Insurance and reinsurance market losses from the impact of typhoon Mangkhut in Hong Kong alone could reach as much as $1 billion, according to a report from local media.
Typhoon Mangkhut slammed Hong Kong yesterday, with strong hurricane force winds swaying skyscrapers and a storm surge reaching as much as 3 metres in places.
It’s clear from media coverage that there have been significant coastal impacts from storm surge in the economically prosperous areas of Hong Kong, as well as wind damage across the city.
Hong Kong managed to avoid a direct hit from the eye of typhoon Mangkhut, but impacts were still significant and damage was seen to modern and older buildings, along with the storm surge.
Building damage looks to be more superficial than structural in the main, in terms of windows broken, cladding torn off, etc, but the wide area impacted means there will be a significant economic hit to Hong Kong from the typhoon and as a result a hit to exposed insurance and any reinsurance interests.
The South China Morning Post has reported that an assessor forecasts insured losses of more than $1 billion in Hong Kong alone from typhoon Mangkhut and said that the storm could cause people and businesses to look again at the resilience of their properties.
At a $1 billion insurance market loss, typhoon Mangkhut would be the most costly to ever strike Hong Kong.
Authorities reported more than 1,500 reports of fallen trees and over 500 reports of broken windows, totals that far exceed those seen after typhoon Hato struck Hong Kong last year.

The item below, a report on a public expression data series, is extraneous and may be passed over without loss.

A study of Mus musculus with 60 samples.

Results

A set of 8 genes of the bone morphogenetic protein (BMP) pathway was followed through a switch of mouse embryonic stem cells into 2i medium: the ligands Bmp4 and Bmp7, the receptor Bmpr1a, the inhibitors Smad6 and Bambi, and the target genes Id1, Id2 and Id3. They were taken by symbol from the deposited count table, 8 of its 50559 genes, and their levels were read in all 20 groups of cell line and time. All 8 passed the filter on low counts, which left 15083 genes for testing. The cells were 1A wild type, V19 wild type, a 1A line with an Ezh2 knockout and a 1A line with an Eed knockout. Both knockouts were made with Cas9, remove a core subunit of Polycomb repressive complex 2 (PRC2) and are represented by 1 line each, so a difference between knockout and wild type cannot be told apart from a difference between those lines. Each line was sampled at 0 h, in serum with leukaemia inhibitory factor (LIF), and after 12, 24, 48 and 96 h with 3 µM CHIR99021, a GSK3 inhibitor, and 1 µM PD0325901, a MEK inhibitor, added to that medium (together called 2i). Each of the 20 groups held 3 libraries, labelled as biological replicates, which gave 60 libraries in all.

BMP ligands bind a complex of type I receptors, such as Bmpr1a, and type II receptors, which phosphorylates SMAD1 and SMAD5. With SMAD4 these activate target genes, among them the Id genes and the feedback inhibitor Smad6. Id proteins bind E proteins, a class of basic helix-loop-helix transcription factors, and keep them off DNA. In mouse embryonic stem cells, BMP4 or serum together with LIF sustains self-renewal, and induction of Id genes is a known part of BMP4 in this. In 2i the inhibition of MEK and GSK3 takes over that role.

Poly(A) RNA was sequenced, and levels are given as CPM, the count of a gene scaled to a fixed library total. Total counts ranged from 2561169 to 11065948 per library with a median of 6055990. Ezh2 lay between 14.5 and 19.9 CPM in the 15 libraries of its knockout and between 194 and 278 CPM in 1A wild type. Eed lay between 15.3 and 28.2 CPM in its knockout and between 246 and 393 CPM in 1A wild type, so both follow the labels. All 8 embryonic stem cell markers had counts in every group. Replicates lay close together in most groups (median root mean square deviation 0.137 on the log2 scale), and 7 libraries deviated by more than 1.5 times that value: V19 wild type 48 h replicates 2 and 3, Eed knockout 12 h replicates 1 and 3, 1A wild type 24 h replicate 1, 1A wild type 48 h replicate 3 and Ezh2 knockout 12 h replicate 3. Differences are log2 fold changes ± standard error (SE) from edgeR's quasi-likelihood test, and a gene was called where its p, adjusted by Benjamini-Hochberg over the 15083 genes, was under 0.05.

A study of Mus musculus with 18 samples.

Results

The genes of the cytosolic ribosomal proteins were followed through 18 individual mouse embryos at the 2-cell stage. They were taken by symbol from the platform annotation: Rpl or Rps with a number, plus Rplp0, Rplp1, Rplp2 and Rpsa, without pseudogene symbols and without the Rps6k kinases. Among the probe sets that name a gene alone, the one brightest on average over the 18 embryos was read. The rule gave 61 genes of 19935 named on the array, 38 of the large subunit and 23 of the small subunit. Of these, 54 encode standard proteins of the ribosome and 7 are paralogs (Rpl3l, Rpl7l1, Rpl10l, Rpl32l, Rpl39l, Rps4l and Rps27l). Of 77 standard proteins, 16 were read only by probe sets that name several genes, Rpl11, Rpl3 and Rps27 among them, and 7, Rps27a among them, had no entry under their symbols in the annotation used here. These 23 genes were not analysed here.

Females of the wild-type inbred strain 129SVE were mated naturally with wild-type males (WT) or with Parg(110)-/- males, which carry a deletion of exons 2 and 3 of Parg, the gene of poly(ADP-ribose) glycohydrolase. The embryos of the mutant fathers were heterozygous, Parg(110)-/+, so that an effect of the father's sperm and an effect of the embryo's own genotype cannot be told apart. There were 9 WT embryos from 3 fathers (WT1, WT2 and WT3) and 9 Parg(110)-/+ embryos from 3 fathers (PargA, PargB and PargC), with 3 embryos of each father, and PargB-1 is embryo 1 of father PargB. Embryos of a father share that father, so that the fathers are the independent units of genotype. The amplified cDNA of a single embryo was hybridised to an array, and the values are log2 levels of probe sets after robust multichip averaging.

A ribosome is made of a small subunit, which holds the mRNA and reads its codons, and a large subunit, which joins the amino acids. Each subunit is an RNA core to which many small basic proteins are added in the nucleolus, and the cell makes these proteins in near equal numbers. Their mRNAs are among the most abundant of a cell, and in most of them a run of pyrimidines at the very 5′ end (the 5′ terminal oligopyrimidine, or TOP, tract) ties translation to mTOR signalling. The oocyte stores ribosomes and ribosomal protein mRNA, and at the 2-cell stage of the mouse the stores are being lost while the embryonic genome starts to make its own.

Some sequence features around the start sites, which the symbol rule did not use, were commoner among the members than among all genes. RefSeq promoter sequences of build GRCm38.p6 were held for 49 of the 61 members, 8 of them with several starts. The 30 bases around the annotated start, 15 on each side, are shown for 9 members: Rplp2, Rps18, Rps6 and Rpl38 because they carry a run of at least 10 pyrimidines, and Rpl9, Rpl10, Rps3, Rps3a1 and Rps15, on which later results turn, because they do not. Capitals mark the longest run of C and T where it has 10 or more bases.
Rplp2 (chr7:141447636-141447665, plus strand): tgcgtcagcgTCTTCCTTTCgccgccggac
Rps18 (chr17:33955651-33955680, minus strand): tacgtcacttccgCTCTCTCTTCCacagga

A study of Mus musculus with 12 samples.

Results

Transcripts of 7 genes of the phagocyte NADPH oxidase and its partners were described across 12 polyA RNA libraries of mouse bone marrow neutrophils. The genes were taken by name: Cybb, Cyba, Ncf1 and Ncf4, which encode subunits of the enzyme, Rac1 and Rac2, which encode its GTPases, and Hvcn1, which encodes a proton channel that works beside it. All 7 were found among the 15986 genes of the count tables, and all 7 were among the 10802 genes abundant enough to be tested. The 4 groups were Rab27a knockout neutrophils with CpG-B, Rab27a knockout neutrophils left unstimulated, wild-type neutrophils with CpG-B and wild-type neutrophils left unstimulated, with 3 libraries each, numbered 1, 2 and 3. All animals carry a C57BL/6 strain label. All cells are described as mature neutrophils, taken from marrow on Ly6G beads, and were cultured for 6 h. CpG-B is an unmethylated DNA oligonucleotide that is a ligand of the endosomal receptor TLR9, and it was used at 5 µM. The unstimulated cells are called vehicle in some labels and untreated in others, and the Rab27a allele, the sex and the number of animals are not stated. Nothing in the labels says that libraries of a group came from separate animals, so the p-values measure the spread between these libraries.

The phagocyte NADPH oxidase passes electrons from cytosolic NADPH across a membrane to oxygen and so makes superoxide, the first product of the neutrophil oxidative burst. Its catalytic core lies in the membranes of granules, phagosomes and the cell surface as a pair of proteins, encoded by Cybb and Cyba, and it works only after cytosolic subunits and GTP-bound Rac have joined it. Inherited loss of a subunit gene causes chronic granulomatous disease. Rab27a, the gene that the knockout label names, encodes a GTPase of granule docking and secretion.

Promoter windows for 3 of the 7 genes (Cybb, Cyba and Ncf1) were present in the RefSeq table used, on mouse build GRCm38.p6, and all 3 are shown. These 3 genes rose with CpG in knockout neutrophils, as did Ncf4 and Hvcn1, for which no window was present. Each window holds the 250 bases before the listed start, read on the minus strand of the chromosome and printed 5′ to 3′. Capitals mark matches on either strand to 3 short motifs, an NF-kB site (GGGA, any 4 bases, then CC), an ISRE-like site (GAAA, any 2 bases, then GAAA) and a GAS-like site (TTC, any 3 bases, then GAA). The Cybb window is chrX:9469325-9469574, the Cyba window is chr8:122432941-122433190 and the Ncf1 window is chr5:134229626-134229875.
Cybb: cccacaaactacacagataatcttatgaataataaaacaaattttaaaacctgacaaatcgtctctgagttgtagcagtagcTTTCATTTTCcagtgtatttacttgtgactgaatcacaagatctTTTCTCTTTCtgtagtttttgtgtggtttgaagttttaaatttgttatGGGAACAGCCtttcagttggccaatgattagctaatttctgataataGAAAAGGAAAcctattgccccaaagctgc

The paper notes that skyscrapers such as the 88-storey International Finance Centre in Central Hong Kong and 118-storey International Commerce Centre in West Kowloon even experienced damage, despite having been built to withstand much stronger winds than typhoon Mangkhut eventually brought to the city.
The reason for the extensive damage to Hong Kong, despite the fact the storm passed to the south of the city, was the wide eye and swathe of hurricane force winds, the higher than anticipated storm surge and also the duration of the impacts, with typhoon force winds impacting the city for around 12 hours (twice as long as with Hato).
As a result typhoon Mangkhut could become the most costly Hong Kong typhoon loss that the insurance and reinsurance industry has experienced.
Business interruption is also likely to be a factor in the eventual market loss, given Hong Kong’s productivity was severely dented on Monday and clean-up could take a number of days before everything gets back to normal in the city. One estimate suggested that a single day’s shutdown for Hong Kong could cost the city as much as $930 million in economic activity.
Typhoon Mangkhut also caused severe damage in the Philippines, before it reached Hong Kong, then moved on to cause significant impacts in the Guangdong region of southern China.
As a result the eventual insurance and reinsurance industry loss from typhoon Mangkhut will be larger than just the toll experienced in Hong Kong and when aggregated there will be the potential for some leakage into the ILS market, largely through sidecars, quota shares and other collateralised reinsurance arrangements.